Monocytosis Is a Biomarker of Severity in Inflammatory Bowel Disease: Analysis of a 6-Year Prospective Natural History Registry

Inflamm Bowel Dis. 2022 Jan 5;28(1):70-78. doi: 10.1093/ibd/izab031.

Alyce Anderson 1Cynthia Cherfane 2Benjamin Click 3Claudia Ramos-Rivers 4Ioannis E Koutroubakis 4Jana G Hashash 4 5Dmitriy Babichenko 6Gong Tang 7Michael Dunn 4Arthur Barrie 4Siobhan Proksell 4Jeffrey Dueker 4Elyse Johnston 4Marc Schwartz 4David G Binion 4


Author information

1University of Pittsburgh Medical Center, Pittsburgh, Pennsylvania, USA.

2Division of Gastroenterology, Washington University School of Medicine, St. Louis, Missouri, USA.

3Department of Gastroenterology, Hepatology and Nutrition, Cleveland Clinic, Cleveland, Ohio, USA.

4Division of Gastroenterology, Hepatology and Nutrition, University of Pittsburgh Medical Center, Pittsburgh, Pennsylvania, USA.

5Gilbert and Rose-Marie Chagoury School of Medicine, Lebanese American University, Byblos-Jbeil, Lebanon.

6School of Information Sciences, University of Pittsburgh, Pittsburgh, Pennsylvania, USA.

7School of Public Health, University of Pittsburgh, Pittsburgh, Pennsylvania, USA.


Background: Inflammatory bowel disease (IBD) is associated with alterations of the innate and adaptive immune systems. Monocytes respond to inflammation and infection, yet the relationship between monocytosis and IBD severity is not fully understood. We aimed to characterize the prevalence of monocytosis in IBD and the association between monocytosis and disease severity and IBD-related health care utilization.

Methods: We used a multiyear, prospectively collected natural history registry to compare patients with IBD with monocytosis to those without monocytosis, among all patients and by disease type.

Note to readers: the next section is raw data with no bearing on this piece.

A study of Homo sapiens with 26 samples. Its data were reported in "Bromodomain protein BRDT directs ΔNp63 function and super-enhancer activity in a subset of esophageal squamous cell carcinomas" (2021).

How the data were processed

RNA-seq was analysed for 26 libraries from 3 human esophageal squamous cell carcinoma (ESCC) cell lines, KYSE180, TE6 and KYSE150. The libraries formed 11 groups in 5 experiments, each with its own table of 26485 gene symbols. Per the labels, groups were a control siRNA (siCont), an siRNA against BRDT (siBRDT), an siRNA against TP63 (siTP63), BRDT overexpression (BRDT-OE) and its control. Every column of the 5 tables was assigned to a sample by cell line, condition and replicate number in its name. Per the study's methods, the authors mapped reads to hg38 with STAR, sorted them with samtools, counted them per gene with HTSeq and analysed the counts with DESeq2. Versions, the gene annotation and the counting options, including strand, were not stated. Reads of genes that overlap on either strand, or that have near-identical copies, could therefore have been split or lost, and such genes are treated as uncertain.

Results: A total of 1290 patients with IBD (64.1% with Crohn disease; 35.9% with ulcerative colitis) were included (mean age 46.4 years; 52.6% female). Monocytosis was found in 399 (30.9%) of patients with IBD (29.3% with Crohn disease; 33.9% with ulcerative colitis). Monocytosis was significantly associated with abnormal C-reactive protein level and erythrocyte sedimentation rate, anemia, worse quality of life, active disease, and increased exposure to biologics (all P < 0.001). Compared with patients without monocytosis, patients with monocytosis had a 3-fold increase in annual financial health care charges (median: $127,013 vs. $32,925, P < 0.001) and an increased likelihood of hospitalization (adjusted odds ratio [AOR], 4.5; P < 0.001), IBD-related surgery (AOR, 1.9; P = 0.002), and emergency department (ED) use (AOR, 2.8; P < 0.001). Patients with monocytosis had a shorter time to surgery, hospitalization, and ED visit after stratifying by disease activity (all P < 0.05).

Conclusions: Patients with IBD with monocytosis, regardless of disease type, are at increased risk for worse clinical outcomes, hospitalization, surgery, and ED use. Peripheral monocytosis may represent a routinely available biomarker of a distinct subgroup with severe disease.